Read on: TheWrapTheWrap.
The headlines of the holiday box office have belonged to “Aquaman” while “Mary Poppins Returns” and “Spider-Man: Into the Spider-Verse” have brought in family audiences. But farther down the charts, Clint Eastwood has quietly left his own mark on the Christmas season.
After opening nearly a month ago to a $17.5 million launch, Warner Bros.’ “The Mule” has amassed a domestic total of $82 million against a budget of $50 million, and is on course to reach $100 million by the end of its theatrical run.
As a director, Eastwood has had several major hits this decade, the biggest being 2014’s highest grossing domestic release, “American Sniper.” He also found success with Tom Hanks on the biopic “Sully” in 2016. He’s also had some missteps, namely “The 15:17 to Paris,” which only made $57 million worldwide against a $30 million production budget before marketing.
But “The Mule” is a different movie, because Eastwood is both in front of and behind the camera. It’s an actor-director combo that Eastwood hasn’t done since “Gran Torino” way back in 2008, and his first acting role since “Trouble With the Curve” six years ago. But when Eastwood does appear on the big screen, he can count on a devoted following of fans — mostly boomers — to show up to see him.
“For a generation, Clint Eastwood is The Man. There aren’t a lot of people in Hollywood these days at his age that have that must-see status,” comScore analyst Paul Dergarabedian told TheWrap last month.
According to data from Movio, “The Mule” had by far the the highest concentration of moviegoers over the age of 50 among the December wide releases. When drilling down into that age demographic, Movio found Eastwood’s recent films, including “Sniper” and “15:17,” were the most common films that had previously been seen in theaters by “The Mule”‘s audience. Other films commonly seen by the film’s audience were the WWII biopic “Hacksaw Ridge” and “A Star Is Born,” which was directed by “The Mule” co-star Bradley Cooper.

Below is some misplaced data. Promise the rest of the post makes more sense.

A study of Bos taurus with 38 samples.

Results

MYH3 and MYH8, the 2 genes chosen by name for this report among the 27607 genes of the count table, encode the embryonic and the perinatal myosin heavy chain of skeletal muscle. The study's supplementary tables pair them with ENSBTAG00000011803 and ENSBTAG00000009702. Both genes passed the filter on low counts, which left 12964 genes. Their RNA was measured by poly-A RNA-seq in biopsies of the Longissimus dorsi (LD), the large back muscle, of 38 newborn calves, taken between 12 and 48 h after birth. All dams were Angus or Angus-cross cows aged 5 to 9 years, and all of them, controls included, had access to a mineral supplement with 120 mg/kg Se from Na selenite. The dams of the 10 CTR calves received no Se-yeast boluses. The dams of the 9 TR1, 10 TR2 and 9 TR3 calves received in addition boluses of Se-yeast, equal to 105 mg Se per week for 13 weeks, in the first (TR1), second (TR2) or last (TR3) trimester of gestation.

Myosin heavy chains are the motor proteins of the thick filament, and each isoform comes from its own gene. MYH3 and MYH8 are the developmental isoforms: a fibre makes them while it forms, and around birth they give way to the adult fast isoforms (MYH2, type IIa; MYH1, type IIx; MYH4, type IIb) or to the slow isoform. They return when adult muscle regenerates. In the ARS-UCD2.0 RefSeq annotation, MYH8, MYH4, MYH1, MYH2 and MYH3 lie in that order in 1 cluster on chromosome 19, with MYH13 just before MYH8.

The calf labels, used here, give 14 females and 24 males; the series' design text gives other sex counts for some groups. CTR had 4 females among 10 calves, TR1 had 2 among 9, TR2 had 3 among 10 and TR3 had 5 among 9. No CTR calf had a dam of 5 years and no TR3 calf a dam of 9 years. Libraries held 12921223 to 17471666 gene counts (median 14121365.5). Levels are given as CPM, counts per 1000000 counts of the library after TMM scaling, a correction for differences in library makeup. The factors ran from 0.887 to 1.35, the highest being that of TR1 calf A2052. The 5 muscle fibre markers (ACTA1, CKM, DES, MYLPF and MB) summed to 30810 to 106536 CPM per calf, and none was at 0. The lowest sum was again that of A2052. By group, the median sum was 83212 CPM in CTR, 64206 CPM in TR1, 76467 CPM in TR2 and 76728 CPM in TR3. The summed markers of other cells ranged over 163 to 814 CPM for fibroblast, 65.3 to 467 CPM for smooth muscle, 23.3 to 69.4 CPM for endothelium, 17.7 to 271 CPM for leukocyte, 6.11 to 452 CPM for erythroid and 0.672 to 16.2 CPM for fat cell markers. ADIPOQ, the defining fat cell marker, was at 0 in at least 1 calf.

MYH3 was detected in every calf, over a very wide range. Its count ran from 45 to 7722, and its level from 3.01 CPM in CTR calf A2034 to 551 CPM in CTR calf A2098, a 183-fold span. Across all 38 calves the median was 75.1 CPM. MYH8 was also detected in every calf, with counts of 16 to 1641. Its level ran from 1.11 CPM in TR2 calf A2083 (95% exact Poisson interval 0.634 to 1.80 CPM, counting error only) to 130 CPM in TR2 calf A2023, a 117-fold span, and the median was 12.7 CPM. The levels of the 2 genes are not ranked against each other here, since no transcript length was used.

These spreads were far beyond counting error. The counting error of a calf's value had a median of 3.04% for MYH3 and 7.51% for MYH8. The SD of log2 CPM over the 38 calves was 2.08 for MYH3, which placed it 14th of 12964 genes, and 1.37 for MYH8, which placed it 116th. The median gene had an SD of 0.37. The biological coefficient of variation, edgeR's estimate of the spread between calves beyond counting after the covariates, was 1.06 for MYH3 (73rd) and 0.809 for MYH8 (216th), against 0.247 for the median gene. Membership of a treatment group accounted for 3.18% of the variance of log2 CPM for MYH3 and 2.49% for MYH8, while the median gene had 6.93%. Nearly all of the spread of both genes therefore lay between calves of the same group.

The film is also doing well with people who don’t regularly go to the movies. According to the audience survey, 21 percent of those who bought a ticket to “The Mule” see less than four films per year. For the average film, infrequent moviegoers account for 16 percent of the total audience.
At a time when recognizable brands are driving the upper echelons of the box office charts, Eastwood is proving to be a throwback to the times when actors were the main draw for moviegoers. On top of that, the film had the advantage of being released by Warner Bros., which in 2018 was able to do an excellent job of marketing their mid-budget fare well to the specific demographics that would show up on opening weekend to the likes of “Ocean’s 8” and “Crazy Rich Asians.”
“WB did an excellent job handling this film,” said Exhibitor Relations analyst Jeff Bock. “It worked well as an adult alternative to the Christmas blockbusters, especially in parts of the country where it was the only major drama in theaters. Plus it had two stars in Eastwood and Cooper that are very popular with older audiences, so that just further increased the word of mouth.”